Abubakar Sani Bello, Governor of Niger State, North-central Nigeria, says the government would arm local vigilantes with guns and other sophisticated weapons in a bid to aid their counter-terrorism fight in the state.
The governor made this known on Tuesday, in a show-of-support meeting with the vigilantes in the Mariga Local Government Area of the state.
“I am here to thank the vigilantes, boost their morale and to offer more support from the state government so that they can continue to support the police and other security agencies in the fight against bandits and other criminal tendencies,” Bello said.
He reiterated that his administration would not engage in any form of negotiation with terrorists, known locally as bandits.
According to him, the state government would rather provide support for those willing to surrender their arms, emphasising that the support may not be monetary, as the terrorists were known from previous observation, to procure more arms with money obtained from dialogue processes.
To boost the morale of the vigilantes, the governor promised to provide them with automatic pump action guns and other sophisticated weapons to engage the marauding terrorists, adding that he would not disband the vigilante groups as was demanded by the terrorist commanders.
“We are not going to disband vigilante because, even when banditry stops, the vigilante will remain to form a kind of security within the community,” the governor said.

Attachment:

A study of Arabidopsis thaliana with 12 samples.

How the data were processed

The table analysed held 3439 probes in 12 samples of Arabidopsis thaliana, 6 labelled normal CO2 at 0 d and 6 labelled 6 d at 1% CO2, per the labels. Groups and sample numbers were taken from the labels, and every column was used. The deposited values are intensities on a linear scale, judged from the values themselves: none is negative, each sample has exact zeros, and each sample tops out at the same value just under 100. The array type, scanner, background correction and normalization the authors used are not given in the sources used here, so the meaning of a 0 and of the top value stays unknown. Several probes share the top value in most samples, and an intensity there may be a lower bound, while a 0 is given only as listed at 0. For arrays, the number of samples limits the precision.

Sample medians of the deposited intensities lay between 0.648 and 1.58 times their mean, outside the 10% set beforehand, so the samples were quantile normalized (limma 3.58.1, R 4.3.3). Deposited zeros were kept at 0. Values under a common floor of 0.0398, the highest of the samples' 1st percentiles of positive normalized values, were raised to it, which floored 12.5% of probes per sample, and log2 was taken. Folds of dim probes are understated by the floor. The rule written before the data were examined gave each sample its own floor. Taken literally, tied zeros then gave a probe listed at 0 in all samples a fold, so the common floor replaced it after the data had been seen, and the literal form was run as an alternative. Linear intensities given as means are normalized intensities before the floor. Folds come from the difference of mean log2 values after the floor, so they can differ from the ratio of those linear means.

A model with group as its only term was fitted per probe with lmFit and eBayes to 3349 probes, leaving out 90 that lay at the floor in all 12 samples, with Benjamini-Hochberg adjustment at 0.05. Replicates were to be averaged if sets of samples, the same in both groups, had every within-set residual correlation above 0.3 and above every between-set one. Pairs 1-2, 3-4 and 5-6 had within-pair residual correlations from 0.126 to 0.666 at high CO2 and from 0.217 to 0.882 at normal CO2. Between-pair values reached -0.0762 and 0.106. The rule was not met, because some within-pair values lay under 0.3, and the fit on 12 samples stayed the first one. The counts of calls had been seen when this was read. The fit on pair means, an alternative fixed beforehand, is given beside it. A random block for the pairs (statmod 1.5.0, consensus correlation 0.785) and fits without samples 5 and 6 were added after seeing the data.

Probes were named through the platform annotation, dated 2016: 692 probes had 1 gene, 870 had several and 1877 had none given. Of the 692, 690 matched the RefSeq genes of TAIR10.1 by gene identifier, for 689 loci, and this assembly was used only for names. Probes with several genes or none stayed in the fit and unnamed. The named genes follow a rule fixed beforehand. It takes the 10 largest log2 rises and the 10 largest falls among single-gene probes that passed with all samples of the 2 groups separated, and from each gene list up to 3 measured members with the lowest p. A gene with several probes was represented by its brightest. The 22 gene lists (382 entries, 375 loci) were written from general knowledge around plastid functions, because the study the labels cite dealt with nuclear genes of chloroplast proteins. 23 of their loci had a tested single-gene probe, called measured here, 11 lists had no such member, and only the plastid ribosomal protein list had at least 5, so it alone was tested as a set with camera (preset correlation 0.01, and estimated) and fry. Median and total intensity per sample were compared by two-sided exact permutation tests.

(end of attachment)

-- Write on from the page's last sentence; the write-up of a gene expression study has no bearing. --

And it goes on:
Bello also sympathised with the vigilantes over the loss of their members to terrorist attacks, adding that their families would be compensated.
Meanwhile, Idris Ibrahim, the chairman of the Mariga Local Government Area, had earlier commended the governor on his counter-terrorism fight in the state.
He added that the state government had recruited 50 vigilante members from each district in the local government and was working with members of the community policing committee.
Terrorists are fast taking over Niger State with incessant attacks and abduction of villagers including the recent abduction of secondary schoolboys from their school in the Kagara area of the state.
‘Not the best move’
A security expert, Yusuf Anka, in a telephone interview with HumAngle, has said that while the governor might mean well, his decision may not be in the state’s best interest.
Anka told HumAngle that the decision of the governor to arm local vigilante groups might backfire, as the group might not be well trained. The lack of training on the part of the vigilantes will lead to the targeting of specific ethnic groups, he warned.
“If for instance, the Fulani ethnic group, makes up the majority of a particular bandit group, these vigilantes would end up attacking a Fulani village, instead of launching an attack on the bandits themselves.”
Anka also said that the lack of training might lead to more crimes, citing misuse of firearms.
“Vigilantes can use these arms to rustle cows and forcefully collect properties of targeted villages, thereby leading to retaliatory attacks, which will only worsen the insecurity situation in the state, rather than reduce it,” he said.
He cautioned that regulating the conduct of the vigilante groups would be a challenge that the government would not be able to take on.
“It is hard for the government to appropriately control security agents like the police and the army, which are trained, how much more, these vigilante groups.”
“We often hear allegations of human rights abuses made against the police, and even members of the military and these are people who are well trained, how much more, those who merely have guns handed to them.”